Korean Literature and Culture in the Globalizing World
February 23, 2018
Location: Phillips Hall 411 (CCAS Dean's Conference Room)
Speaker: Seong Kon Kim, Professor Emeritus of Seoul National University and President of the Literary Translation Institute of Korea
Abstract: The recent news that Han Kang and Debora Smith won the prestigious Man-Booker International Prize greatly elated the Korean people. Thanks to Han Kang’s prize-winning novel “The Vegetarian,” Korean literature is finally in the limelight, receiving its fair share of praise from the international community at last. Recently, The Times Literary Supplement carried an encouraging article entitled “A Glittering Korea.” In the article, Toby Richtig writes that in the U.K. there is a “seemingly insatiable appetite for publication about the Hermit kingdom.” Richtig argues that while North Korea has been busy showing off its military muscle, South Korea has emerged on the global stage as a country of charming literary arts and rich cultural heritage, “enjoying its place in the sun.’ Furthermore, South Korea has emerged into the spotlight of international recognition and admiration for its miraculous economic success, the cutting-edge technology of companies like Samsung, LG and Hyundai, and the widespread Korean cultural phenomena called hallyu, or the Korean Wave. In this lecture, we will delve into what is happening to Korean literature and culture lately, how they manage to be “glittering” overseas, enjoying global popularity across boundaries, and what kind of radical social change South Korea has gone through since the Korean War.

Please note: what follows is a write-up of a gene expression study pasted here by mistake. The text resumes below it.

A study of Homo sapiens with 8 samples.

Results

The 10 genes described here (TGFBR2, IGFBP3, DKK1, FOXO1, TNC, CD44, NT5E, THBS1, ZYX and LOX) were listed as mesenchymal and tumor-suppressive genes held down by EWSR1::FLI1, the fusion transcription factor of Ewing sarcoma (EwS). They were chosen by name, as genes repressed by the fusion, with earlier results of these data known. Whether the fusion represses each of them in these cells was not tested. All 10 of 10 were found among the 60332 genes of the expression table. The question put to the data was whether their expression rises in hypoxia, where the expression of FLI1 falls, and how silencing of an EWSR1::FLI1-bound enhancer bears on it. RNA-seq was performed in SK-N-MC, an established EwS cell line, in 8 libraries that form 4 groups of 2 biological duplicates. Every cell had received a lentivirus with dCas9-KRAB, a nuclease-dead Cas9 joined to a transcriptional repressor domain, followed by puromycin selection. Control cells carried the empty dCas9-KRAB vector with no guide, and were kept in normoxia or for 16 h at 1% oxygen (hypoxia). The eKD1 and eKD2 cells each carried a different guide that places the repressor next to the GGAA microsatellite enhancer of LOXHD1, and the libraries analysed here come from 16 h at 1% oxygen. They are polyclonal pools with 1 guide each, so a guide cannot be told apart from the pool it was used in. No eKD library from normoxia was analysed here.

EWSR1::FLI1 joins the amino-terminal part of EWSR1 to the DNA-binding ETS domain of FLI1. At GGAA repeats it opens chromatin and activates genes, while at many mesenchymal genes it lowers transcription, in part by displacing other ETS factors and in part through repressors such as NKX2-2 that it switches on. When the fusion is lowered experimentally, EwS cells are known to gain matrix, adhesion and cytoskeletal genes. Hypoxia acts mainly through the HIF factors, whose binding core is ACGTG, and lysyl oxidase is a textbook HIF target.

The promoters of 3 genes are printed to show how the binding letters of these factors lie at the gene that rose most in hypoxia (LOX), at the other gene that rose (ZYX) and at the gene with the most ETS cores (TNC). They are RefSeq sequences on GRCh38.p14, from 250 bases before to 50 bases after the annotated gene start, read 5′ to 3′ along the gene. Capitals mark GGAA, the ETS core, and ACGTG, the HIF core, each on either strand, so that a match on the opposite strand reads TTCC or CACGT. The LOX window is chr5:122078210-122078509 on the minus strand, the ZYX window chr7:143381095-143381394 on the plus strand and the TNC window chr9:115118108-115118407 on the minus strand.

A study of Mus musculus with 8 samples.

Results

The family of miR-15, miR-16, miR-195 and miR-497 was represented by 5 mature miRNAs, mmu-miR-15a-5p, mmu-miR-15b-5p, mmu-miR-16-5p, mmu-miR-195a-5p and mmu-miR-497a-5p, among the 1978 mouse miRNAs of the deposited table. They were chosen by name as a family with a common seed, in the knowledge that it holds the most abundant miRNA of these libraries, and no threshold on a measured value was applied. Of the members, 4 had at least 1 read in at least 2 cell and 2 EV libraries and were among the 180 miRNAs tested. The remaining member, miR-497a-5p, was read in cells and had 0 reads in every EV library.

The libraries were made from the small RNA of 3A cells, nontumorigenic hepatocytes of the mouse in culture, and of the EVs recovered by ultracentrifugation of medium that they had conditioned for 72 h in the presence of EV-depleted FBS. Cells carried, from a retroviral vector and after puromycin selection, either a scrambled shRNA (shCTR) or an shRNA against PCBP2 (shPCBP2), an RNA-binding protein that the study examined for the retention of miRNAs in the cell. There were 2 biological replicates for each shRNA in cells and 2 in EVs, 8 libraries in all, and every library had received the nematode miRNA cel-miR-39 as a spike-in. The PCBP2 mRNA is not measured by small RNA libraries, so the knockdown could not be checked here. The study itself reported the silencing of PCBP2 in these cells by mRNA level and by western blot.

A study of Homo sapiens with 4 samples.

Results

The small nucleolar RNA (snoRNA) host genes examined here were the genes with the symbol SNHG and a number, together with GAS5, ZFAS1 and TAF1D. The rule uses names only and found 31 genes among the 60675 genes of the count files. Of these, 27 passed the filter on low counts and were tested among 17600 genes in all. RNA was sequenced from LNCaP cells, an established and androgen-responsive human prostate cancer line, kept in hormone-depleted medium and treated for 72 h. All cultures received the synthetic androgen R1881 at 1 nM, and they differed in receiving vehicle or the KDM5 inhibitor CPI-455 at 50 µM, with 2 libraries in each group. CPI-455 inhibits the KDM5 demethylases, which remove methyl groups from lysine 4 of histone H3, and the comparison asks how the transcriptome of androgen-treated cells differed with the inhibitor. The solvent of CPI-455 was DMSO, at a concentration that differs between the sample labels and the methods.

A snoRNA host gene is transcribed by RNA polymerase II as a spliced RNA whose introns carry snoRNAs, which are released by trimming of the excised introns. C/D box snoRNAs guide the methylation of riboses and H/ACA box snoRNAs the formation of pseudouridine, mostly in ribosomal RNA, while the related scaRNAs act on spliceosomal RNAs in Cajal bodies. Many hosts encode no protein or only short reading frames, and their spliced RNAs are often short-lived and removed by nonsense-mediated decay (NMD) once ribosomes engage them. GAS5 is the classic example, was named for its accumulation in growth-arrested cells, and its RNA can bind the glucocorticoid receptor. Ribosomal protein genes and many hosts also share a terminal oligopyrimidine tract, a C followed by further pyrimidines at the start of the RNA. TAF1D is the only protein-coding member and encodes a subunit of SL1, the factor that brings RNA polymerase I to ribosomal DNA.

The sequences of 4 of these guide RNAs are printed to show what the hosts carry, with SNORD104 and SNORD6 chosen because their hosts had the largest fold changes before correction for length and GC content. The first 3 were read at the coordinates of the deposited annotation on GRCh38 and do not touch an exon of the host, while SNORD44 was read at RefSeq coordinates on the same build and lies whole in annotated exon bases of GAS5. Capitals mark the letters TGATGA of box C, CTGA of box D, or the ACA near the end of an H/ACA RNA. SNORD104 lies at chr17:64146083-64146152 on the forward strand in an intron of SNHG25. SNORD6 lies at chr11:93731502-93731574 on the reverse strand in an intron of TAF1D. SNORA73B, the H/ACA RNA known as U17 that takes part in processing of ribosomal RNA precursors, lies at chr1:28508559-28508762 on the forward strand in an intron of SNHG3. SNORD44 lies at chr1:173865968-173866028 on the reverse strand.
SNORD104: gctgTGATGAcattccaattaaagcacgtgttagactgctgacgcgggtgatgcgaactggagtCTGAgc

Speaker Bio: Professor Seong-kon Kim, Professor Emeritus of Seoul National University and President of the Literary Translation Institute of Korea (a ministerial appointment with the Government of the Republic of Korea), is currently in residence at GW as CCAS Dean's Global Distinguished Scholar in the Humanities. An internationally renowned author, translator, and literary critic, Professor Kim is widely recognized as a pioneer in postmodernism, post-colonialism, and cultural studies in Korea.